Basal Cell Cancer
Do you feel uncomfortable by the appearance any unknown appearance on your skin? Are you worried that it just might be cancerous? Dr. Steve Musick, and his team of highly skilled dermatology professionals are here to help you. We treat all ages of patients in the Swansea, IL and metropolitan St. Louis area
Skin cancer is the most common form of human cancers, affecting more than one million Americans every year. One in five Americans will develop skin cancer at some point in their lives. Skin cancers are generally curable if caught early. However, people who have had skin cancer are at a higher risk of developing a new skin cancer, which is why regular self-examination and doctor visits are imperative.
The vast majority of skin cancers are composed of three different types: basal cell carcinoma, squamous cell carcinoma and melanoma.
Basal Cell Carcinoma
This is the most common form of skin cancer. Basal cells reside in the deepest layer of the epidermis, along with hair follicles and sweat ducts. When a person is overexposed to UVB radiation, it damages the body’s natural repair system, which causes basal cell carcinomas to grow. These tend to be slow-growing tumors and rarely metastasize (spread). Basal cell carcinomas can present in a number of different ways:
- Raised pink or pearly white bump with a pearly edge and small, visible blood vessels
- Pigmented bumps that look like moles with a pearly edge
- A sore that continuously heals and re-opens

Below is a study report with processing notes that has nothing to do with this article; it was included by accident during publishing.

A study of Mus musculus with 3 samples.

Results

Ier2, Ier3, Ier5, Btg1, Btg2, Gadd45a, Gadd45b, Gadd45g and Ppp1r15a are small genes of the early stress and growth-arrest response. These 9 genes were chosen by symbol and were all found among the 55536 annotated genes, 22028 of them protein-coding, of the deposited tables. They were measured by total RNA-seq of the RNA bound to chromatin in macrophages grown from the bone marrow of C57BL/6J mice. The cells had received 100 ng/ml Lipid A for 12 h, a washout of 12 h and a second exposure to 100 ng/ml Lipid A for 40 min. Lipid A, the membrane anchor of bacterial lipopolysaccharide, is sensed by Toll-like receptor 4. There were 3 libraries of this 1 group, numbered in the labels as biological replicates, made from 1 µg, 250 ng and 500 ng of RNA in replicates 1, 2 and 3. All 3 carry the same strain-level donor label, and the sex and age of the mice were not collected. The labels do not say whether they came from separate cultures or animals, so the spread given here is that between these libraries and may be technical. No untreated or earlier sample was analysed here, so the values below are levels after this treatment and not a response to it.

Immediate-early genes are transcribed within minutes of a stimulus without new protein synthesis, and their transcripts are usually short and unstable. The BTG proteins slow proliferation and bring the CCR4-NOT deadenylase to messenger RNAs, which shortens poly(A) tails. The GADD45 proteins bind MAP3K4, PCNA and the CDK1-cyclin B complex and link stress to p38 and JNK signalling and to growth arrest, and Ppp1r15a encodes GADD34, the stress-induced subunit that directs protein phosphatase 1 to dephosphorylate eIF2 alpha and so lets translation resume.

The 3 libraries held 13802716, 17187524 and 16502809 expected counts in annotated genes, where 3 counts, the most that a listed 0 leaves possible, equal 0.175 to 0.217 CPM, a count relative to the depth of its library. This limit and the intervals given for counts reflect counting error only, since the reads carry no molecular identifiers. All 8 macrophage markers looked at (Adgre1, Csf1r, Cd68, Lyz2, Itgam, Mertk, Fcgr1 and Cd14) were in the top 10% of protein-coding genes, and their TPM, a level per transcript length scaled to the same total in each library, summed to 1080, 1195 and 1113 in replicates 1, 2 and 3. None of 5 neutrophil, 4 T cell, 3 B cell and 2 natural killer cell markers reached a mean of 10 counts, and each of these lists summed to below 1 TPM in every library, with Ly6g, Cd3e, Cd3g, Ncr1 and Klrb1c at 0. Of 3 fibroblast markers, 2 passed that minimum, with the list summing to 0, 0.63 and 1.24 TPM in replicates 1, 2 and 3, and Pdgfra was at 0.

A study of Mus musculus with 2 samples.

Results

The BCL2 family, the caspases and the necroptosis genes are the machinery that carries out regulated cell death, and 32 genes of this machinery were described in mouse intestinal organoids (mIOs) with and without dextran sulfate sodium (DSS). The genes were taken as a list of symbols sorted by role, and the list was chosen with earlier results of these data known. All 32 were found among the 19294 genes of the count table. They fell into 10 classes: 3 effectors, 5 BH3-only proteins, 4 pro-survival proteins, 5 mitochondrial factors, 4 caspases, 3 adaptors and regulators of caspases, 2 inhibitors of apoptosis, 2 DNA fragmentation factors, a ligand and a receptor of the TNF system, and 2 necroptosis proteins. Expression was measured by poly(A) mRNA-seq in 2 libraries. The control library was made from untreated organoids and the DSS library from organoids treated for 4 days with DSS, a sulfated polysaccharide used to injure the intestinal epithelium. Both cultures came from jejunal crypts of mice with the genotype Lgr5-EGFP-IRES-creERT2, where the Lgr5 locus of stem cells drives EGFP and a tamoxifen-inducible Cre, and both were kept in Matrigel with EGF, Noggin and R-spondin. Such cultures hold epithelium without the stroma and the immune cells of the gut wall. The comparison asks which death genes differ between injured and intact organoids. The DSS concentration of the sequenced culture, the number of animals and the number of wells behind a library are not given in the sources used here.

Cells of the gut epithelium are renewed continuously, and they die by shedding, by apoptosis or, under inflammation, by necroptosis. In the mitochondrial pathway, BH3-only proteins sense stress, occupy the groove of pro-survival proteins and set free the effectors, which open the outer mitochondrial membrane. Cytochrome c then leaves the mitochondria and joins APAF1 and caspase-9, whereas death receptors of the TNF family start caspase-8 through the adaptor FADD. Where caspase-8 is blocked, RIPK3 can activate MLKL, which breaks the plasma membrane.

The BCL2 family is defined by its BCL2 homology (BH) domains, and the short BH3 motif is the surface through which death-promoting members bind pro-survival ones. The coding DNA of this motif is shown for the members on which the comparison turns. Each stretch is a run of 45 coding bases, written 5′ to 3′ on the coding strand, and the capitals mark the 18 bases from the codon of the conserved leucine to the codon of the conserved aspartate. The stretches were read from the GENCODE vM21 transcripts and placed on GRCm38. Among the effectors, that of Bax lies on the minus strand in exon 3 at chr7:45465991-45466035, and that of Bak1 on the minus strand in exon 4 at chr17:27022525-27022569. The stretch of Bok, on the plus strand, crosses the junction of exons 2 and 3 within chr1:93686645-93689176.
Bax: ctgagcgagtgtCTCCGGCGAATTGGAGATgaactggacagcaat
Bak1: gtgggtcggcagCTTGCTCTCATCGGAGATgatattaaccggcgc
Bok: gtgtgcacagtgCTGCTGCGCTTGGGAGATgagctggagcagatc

- Flat scaly scar with a waxy appearance and blurred edges
Despite the different appearances of the cancer, they all tend to bleed with little or no cause. Eighty-five percent of basal cell carcinomas occur on the face and neck since these are areas that are most exposed to the sun.
Risk factors for basal cell carcinoma include having fair skin, sun exposure, age (most skin cancers occur after age 50), exposure to ultraviolet radiation (as in tanning beds) and therapeutic radiation given to treat an unrelated health issue.
Diagnosing basal cell carcinoma requires a biopsy — either excisional, where the entire tumor is removed along with some of the surrounding tissue, or incisional, where only a part of the tumor is removed.
Treatments for basal cell carcinoma include:
- Curettage and Desiccation — The preferred method of dermatologists, this treatment involves using a small metal instrument (called a curette) to scrape out the tumor along with an application of an electric current into the tissue to kill off any remaining cancer cells.
- Mohs Micrographic Surgery — The preferred method for large tumors, Mohs Micrographic Surgery combines removal of cancerous tissue with microscopic review while the surgery takes place. By mapping the diseased tissue layer by layer, less healthy skin is damaged when removing the tumor.
- Prescription Medicated Creams — These creams can be applied at home. They stimulate the body’s natural immune system over the course of weeks.
- Radiation Therapy — Radiation therapy is used for difficult-to-treat tumors, either because of their location, severity or persistence.
- Surgical Excision — In this treatment the tumor is surgically removed and stitched up.
Dr. Steve Musick is a Board-Certified Dermatologist by The American Board of Dermatology and treats all types of skin conditions in the Swansea, IL and St. Louis metropolitan area. There are numerous treatments that Dr. Musick and his team can perform, and it is best to make an appointment for proper evaluation of any skin condition to rule out any possibility of skin cancer.
To make an appointment, call Musick Dermatology in Swansea, IL today at 618-628-2588. We accept most health insurance programs.